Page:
Published: Fri, July 27, 2018
Sci-tech | By Spencer Schmidt

See the dark side of the moon

See the dark side of the moon

During the eclipse, the moon will pass through the umbra - the darkest part of the Earth's shadow - and take on a red glow.

According to TimeandDate.com, the partial eclipse will begin at 2.24 a.m. on July 28 Taipei time, with the total eclipse beginning at 3.30 a.m. This happens only when the sun, Earth and moon are aligned, with Earth in the middle. Because of how Earth's atmosphere filters blue light, the moon appears red during a lunar eclipse.

"It will appear as a bright reddish star, and even if the opposition brightness won't be quite as good for the next few years, it won't make much difference at all to any naked-eye observations".

Mr Ubachukwu observed that a lunar eclipse could occur only on the night of a full moon.

A total eclipse of the Moon will occur on Friday 27 July 2018.

"Watching that interaction, watching our atmosphere play a role in this visual and very lovely spectacle, there's also science in there, the same science which took hundreds of years to work out why the sky is blue", Prof Coward said.

Mr Scagell said: "You may see this very eerie-looking deep-red moon rising".

Nigeria will on Friday night experience a spectacular total lunar eclipse, which will last for one hour, a professor, Augustine Ubachukwu, has said.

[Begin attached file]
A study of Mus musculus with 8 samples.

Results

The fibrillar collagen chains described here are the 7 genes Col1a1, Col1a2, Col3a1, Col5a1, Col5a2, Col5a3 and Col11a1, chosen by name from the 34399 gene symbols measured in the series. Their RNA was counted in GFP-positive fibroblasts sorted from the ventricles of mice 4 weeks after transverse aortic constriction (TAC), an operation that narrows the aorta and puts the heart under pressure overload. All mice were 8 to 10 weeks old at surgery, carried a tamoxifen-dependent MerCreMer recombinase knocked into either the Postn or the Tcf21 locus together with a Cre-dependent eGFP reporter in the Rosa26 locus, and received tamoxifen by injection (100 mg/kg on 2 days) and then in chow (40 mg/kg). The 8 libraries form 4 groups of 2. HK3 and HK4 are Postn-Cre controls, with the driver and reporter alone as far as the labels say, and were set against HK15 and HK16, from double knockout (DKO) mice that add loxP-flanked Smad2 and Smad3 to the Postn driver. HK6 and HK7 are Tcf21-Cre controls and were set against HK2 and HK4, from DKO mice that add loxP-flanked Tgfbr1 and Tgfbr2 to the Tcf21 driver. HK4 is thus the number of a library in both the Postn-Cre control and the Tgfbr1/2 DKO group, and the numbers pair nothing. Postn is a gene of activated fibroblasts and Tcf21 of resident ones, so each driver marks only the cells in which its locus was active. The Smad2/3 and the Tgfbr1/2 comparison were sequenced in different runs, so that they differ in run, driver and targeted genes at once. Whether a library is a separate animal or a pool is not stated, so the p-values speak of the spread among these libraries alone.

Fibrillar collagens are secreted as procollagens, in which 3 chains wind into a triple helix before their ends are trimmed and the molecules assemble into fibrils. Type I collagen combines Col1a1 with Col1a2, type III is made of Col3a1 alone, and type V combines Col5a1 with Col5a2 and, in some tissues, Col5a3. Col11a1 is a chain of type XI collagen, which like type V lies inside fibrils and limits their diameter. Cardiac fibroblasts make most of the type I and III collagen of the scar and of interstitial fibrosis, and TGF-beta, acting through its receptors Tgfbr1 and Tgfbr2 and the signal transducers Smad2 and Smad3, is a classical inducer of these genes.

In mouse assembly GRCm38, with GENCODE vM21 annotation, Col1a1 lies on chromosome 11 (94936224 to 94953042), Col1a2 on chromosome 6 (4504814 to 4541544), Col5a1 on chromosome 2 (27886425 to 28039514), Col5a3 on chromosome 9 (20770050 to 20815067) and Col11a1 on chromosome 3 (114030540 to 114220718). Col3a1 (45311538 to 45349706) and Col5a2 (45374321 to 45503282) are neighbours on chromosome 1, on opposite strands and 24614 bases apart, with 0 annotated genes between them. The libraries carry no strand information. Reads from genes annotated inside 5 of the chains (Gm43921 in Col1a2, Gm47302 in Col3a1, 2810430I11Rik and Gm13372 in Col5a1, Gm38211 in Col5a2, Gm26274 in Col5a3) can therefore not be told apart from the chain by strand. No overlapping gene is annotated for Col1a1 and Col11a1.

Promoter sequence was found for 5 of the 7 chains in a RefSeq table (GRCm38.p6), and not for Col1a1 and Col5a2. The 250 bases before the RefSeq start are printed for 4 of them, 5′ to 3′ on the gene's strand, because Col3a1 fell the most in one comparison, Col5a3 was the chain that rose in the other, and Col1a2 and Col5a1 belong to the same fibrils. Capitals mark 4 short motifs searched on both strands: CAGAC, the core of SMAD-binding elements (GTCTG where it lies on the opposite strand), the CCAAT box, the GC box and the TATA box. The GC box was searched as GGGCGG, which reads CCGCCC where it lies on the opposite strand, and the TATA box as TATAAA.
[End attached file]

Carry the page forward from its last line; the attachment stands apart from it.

St Helens Star

The reason we don't get eclipses every month is because the moon orbits Earth on a slightly inclined plane of five degrees.

Before and after this total eclipse phase, the Moon passes into a transitional phase called penumbra: the total duration of these three phases (penumbra, total, penumbra) varies from place to place.

He warns that solar eclipses are different - people should never look directly at them, as it's extremely damaging to human eyes.

In Manchester, the moon will not appear until after 9.06pm BST, and in Glasgow, the moon will not be visible until maximum eclipse around 9.30pm BST.

Since moon has no natural light of its own, it is visible from the earth only when sunlight reflects off it. We will be able to see the moon as it is going to gradually fade out from one end to the other end throughout the span of more than 1 hour 30 minutes.

Mr Kirkley said that the sunrise would begin during the eclipse which would "wash out" the colours of the moon as it turned red. If you want to watch online the lunar eclipse live stream, just read on for the stream and everything you need to know about the phenomenon.

And last but not least: Mars just happens to be in opposition on Friday night as well.

Dave Kelbe, a principal scientist at the Centre for Space Science Technology, plans to go and photograph the early-morning celestial event at Middlemarch.